Special Arts Experiences for Military Families, Students Who Are Blind or Visually Impaired

Education and Outreach

A visually impaired child enjoying an activity with penguins in the Mezzanine Lounge


As much as Catrina Castroverde’s 7-year-old daughter Vera enjoys live shows, the girl sometimes has trouble following along.

That’s because Vera is visually impaired, just one of many Clark County School District (CCSD) students who are visually impaired or blind. This can make live performances harder for them to grasp, her mother says.

“They don’t always get to experience everything we get to experience, and we take it for granted,” Catrina says.

That’s why The Smith Center, a nonprofit, provided a special experience for these students in March at no cost to schools.

As part of its student matinees of family show “Mr. Popper’s Penguins,” The Smith Center invited CCSD’s students who are blind or visually impaired to attend a performance that provided audio description, with each child wearing an earpiece to hear a trained professional providing live description of the show’s visuals.

Audio description — available at select Smith Center performances — helps provide equal access to these students who are otherwise isolated by shows for sighted audiences, says Lori Moroz-White, transition specialist with CCSD’s Vision Services Department.

“None of our students said a word during the whole production. They were glued to it,” White says. “If they go to live theater and don’t have audio description, they might not like it. With the audio description, my goal is to turn these children into longtime theater goers.”

Following the show, the students were treated to a special lunch at The Smith Center, where they also met the show’s performers and puppets.

The students were giddy as they petted the penguin puppets and discussed the show.

“It was nice. I liked the part where they put the penguins in the fridge,” says CCSD elementary student Brandon Burnett of his favorite part of the show.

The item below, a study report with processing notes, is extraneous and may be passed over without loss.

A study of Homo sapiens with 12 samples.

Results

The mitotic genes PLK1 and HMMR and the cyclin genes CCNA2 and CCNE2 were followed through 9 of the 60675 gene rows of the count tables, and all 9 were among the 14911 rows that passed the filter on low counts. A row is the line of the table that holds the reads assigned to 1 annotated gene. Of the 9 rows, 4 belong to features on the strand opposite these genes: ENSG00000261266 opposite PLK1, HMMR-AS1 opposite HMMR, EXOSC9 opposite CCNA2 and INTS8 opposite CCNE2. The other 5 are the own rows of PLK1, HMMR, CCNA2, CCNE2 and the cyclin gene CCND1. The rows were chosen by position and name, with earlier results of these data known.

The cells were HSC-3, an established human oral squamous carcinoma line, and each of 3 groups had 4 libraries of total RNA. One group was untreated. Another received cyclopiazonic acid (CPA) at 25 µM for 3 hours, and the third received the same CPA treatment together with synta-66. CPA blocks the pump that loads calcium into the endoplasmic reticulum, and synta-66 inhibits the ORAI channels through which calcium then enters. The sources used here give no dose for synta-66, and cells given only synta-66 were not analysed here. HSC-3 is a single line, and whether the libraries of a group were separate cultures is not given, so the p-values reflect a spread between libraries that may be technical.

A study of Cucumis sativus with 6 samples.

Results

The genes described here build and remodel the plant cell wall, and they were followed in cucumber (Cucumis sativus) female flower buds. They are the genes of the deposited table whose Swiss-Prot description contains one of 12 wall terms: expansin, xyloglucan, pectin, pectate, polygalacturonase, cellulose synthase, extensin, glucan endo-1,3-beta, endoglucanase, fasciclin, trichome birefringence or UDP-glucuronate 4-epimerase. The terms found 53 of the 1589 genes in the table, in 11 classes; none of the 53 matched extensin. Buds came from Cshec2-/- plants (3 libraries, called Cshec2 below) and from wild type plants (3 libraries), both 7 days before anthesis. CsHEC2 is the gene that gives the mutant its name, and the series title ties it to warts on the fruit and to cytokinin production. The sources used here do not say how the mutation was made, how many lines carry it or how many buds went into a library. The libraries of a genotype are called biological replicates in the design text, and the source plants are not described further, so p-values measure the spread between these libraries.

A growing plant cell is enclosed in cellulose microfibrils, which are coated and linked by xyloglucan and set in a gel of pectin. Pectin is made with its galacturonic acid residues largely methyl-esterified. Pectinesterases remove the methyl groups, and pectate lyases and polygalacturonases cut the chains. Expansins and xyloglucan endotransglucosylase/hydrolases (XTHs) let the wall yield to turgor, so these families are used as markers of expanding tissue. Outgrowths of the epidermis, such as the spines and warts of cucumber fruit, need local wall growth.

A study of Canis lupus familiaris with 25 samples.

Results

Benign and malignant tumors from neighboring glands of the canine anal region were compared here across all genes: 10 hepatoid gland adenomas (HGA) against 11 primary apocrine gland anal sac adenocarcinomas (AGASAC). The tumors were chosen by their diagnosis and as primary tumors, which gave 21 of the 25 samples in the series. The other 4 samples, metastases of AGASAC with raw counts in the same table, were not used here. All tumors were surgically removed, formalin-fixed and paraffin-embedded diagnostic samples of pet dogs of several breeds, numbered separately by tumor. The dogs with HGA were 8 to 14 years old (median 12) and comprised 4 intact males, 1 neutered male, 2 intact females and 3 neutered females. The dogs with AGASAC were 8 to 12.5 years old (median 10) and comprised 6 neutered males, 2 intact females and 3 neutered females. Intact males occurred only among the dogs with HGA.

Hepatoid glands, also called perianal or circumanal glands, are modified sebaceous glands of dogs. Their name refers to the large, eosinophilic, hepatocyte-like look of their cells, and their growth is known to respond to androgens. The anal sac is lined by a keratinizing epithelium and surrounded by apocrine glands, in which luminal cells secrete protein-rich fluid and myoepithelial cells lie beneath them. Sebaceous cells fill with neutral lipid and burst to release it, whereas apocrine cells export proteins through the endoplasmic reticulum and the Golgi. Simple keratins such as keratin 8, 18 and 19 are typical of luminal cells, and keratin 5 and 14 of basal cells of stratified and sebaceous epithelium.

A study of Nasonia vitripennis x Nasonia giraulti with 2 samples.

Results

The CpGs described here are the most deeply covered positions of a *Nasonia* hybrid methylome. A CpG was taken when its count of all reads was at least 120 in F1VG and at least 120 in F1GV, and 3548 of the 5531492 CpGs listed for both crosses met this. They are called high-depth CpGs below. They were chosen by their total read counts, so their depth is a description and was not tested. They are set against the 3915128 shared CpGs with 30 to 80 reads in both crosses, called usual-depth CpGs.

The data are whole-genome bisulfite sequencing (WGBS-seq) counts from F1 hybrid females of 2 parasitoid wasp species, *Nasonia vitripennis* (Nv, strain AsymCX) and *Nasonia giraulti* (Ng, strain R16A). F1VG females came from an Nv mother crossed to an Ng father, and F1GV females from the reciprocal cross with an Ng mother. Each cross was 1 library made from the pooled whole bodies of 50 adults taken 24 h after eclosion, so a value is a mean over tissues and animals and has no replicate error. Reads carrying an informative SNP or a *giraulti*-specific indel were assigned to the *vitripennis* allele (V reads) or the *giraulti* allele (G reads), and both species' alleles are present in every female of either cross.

Catrina says her daughter loved the entire experience.

“To have the audio descriptions and to meet the performers, it’s such a blessing,” she says.

The Smith Center presented several matinees of “Mr. Popper’s Penguins” to a total 8,743 students from 71 schools in March, at no cost to schools.

All of the student matinees, as well as the experience for students who are blind or visually impaired, were made possibly by a grant from Windsong Trust.


Performing, Pizza and Penguins for Military Families

The Smith Center also provided an engaging arts experience for 100 military service members and their family members in March.

Under its new Community Outreach Performing Artists program — providing bonding experiences for military families that are often separated due to deployment — The Smith Center offered an interactive arts workshop with acclaimed storyteller and teaching artist Karla Huntsman.

Afterward, the families enjoyed a pizza dinner and attended a performance of “Mr. Popper’s Penguins.”

Thanks to a grant from the John Krakauer Charitable Trust advised by Professionals in Philanthropy, the workshop, dinner and show tickets were provided at no cost to the event’s participants, who included members of the Nevada National Guard and Air Force and their families.

Huntsman led the families through a series of creative experiences related to the book “Mr. Popper’s Penguins,” including puppeteering and creating choreography to a military march.

Las Vegas resident Lora Braxton, whose husband is currently deployed, said this was the first opportunity she and her 3-and-6-year-old sons had to visit The Smith Center.

It was a welcome evening to enjoy each other, she adds.

“The workshop was very fun, very interactive,” she says. “It’s a connection with literature we really appreciate. It brings the book to life and makes the kids lifelong readers.”

George Cohenno, a member of the Nevada National Guard, wore a wide smile as he followed the workshop’s choreography with his wife Brandy and their 6-year-old daughter.

“It’s nice that we get to do something together. We don’t get a lot of time together,” George says. “It’s great that they do this for families.”